Nostalgia for the Demise of the ussr in Belarus, Russia and Ukraine

in Russian Politics


8

Padma Desai, Conversations from Russia: Reform from Yeltsin to Putin (Oxford: Oxford University Press, 2005).

13

E. Gaidar, “Chastnaya Sobstvennost’ – Novyi Stereotip”, Moskovskie novosti 41, 8 October (1989): 11; Andrei Shleifer and Daniel Treisman, Without a Map: Political Tactics and Economic Reform in Russia (Cambridge, Mass: mit, 2000).

21

Mikhail Gorbachev, Naedine s Soboi (Moscow: Grin Strit, 2012): 580.

22

Vitalii Tseplyaev, “Narod Nash ne Bydlo!” Argumenty i fakty 9, no. 3 (2011).

23

Gorbachev, Naedine s Soboi, 591.

26

Marshall I. Goldman, The Piratization of Russia: Russian Reform Goes Awry (London: Routledge, 2003). Gorbachev, Naedine s Soboi, 602 also argued that another factor was the failure in the ‘transformation of the cpsu into a democratic party of a contemporary type’. Reform of the party had been blocked by the nomenklatura until as late as the summer of 1991, when it was agreed that a congress would be held in November at which a new program of a broadly social democratic character would have been adopted. The coup in August, and then the agreement to dissolve the ussr itself in early December, had prevented this outcome and with it any prospect of a new union treaty.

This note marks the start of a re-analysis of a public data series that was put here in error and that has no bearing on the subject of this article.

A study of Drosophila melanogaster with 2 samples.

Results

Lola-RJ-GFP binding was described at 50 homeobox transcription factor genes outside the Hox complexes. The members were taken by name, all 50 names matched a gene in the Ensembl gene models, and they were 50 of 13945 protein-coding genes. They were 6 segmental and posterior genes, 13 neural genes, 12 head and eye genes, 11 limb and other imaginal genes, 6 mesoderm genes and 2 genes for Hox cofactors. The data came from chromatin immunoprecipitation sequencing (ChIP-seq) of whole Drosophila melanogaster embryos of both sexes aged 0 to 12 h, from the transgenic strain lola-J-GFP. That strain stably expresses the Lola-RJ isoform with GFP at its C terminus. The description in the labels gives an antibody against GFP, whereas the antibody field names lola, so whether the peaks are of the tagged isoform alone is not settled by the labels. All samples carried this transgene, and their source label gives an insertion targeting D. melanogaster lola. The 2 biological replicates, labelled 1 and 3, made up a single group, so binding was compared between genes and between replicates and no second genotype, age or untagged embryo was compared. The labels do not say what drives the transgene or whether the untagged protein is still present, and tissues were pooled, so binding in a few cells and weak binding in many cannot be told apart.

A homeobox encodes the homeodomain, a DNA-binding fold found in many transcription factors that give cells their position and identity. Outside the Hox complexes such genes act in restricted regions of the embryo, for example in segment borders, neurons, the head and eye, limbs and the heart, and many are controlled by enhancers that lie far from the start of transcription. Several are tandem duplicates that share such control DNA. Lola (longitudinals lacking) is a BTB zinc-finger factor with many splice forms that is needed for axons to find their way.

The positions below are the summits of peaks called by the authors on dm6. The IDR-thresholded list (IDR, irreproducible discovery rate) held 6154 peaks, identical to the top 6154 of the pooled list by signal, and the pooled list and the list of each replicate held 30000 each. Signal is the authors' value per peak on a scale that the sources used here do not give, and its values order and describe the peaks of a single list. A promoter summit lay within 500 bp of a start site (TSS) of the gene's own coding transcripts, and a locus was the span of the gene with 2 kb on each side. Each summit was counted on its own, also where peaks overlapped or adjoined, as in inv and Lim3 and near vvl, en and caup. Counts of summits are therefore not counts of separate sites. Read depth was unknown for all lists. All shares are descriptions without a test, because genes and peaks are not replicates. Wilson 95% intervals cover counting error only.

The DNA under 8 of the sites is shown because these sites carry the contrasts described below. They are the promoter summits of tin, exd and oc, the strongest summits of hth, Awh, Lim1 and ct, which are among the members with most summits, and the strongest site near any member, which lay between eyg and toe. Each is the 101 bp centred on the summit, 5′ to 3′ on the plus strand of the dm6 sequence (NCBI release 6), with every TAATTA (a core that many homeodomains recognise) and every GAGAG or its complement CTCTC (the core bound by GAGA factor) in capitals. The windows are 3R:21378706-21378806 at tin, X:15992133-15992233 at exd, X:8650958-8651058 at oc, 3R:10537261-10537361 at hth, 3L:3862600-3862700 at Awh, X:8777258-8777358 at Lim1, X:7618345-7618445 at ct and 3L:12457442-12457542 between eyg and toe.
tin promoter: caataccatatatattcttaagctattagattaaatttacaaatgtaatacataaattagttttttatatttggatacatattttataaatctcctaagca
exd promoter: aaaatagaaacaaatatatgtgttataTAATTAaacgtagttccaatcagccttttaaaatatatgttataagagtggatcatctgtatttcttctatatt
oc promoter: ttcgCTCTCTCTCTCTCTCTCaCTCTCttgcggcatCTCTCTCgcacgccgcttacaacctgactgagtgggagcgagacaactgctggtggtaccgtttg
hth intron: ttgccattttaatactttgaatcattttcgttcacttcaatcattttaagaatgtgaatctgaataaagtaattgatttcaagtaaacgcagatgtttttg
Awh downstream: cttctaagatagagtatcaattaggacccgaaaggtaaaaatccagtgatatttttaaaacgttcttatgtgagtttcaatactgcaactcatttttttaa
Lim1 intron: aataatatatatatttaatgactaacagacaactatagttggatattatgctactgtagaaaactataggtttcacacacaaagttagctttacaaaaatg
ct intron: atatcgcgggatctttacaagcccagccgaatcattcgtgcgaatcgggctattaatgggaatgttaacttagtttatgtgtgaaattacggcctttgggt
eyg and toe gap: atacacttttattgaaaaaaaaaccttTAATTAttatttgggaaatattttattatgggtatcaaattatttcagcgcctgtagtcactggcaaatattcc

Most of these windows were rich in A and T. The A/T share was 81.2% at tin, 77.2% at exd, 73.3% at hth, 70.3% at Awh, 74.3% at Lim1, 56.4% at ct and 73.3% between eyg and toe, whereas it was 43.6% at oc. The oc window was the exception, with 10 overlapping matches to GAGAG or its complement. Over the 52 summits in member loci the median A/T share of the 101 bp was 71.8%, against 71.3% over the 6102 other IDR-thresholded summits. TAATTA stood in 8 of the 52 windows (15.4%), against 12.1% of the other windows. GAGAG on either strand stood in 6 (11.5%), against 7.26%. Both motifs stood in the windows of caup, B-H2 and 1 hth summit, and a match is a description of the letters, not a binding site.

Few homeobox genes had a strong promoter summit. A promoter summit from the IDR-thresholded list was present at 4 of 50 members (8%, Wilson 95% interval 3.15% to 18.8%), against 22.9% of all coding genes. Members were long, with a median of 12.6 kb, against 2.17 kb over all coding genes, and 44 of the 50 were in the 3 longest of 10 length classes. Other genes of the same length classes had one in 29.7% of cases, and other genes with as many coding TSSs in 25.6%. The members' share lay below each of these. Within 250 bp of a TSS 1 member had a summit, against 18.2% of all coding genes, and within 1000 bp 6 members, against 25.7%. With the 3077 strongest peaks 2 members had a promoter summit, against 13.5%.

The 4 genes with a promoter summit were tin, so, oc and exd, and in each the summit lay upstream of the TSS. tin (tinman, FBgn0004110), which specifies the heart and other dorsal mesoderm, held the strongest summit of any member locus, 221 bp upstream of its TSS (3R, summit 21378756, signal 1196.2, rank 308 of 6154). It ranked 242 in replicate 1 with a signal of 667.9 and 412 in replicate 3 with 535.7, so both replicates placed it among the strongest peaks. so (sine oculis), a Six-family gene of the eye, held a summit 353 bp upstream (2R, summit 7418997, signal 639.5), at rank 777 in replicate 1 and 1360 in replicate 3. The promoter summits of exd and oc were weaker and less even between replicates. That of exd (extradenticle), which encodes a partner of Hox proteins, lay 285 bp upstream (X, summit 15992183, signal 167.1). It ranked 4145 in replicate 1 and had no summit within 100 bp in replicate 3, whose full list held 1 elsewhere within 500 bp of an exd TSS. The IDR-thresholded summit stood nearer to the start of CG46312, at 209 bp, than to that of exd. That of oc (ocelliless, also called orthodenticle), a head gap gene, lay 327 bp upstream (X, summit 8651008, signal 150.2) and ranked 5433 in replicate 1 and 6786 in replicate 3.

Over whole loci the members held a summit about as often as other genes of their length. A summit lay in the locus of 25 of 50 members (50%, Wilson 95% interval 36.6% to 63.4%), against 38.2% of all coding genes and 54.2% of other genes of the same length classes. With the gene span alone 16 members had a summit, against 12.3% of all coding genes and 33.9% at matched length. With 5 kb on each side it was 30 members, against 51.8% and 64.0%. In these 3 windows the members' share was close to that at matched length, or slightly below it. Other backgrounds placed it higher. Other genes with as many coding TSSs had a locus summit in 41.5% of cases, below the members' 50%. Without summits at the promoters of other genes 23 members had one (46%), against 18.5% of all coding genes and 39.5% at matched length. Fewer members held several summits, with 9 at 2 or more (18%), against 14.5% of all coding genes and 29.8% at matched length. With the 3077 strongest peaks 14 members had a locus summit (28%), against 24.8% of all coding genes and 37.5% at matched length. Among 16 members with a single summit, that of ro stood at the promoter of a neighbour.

30

Richard Rose, Understanding Postcommunist Transformation: A Bottom-Up Approach (Cambridge: Cambridge University Press, 2009): 27ff.

31

William Mishler and Richard Rose, “Generation, Age, and Time: The Dynamics of Political Learning during Russia’s Transformation”, American Journal of Political Science 51, no. 4 (2007); Rose, Mishler and Munro, Russia Transformed.

32

Ian McAllister and Stephen White, “Political Parties and Democratic Consolidation in Post-Communist Societies”, Party Politics 13 (2007).

33

Theodore P. Gerber, “Membership Benefits or Selection Effects? Why Former Communist Party Members Do Better in Post-Soviet Russia”, Social Science Research 29, no. 1 (2000); Ian McAllister and Stephen White, “The Legacy of the Nomenklatura: Economic Privilege in Postcommunist Russia”, Coexistence 32, no. 3 (1995); Stephen White and Ian McAllister, “The cpsu and its Members: Between Communism and Postcommunism”, British Journal of Political Science 26, no. 1 (1996).

35

But cf. Olena Nikolayenko, “Contextual Effects on Historical Memory: Soviet Nostalgia among Post-Soviet Adolescents”, Communist and Post-Communist Studies 41, no. 2 (2008).

37

Elena Korosteleva, “Belarusian Foreign Policy in a Time of Crisis”, Journal of Communist Studies and Transition Politics, 27, nos. 3–4 (2011).

39

Mitja Velikonja, “Lost in Transition: Nostalgia for Socialism in Post-Socialist Countries”, East European Politics & Societies 23, no. 4 (2009). See also Moonyoung Lee, “Nostalgia as a Feature of ‘Glocalisation’ of the Past in Post-Soviet Russia”, Post Soviet Affairs 27, no. 2 (2011).

Figures

  • A disaster the Soviet Union no longer exists (percent)

    ‘Do you agree with the statement: It is a disaster the Soviet Union no longer exists?’ Question wording varies slightly by country and survey. Estimates combine ‘strongly agree’ and ‘agree.’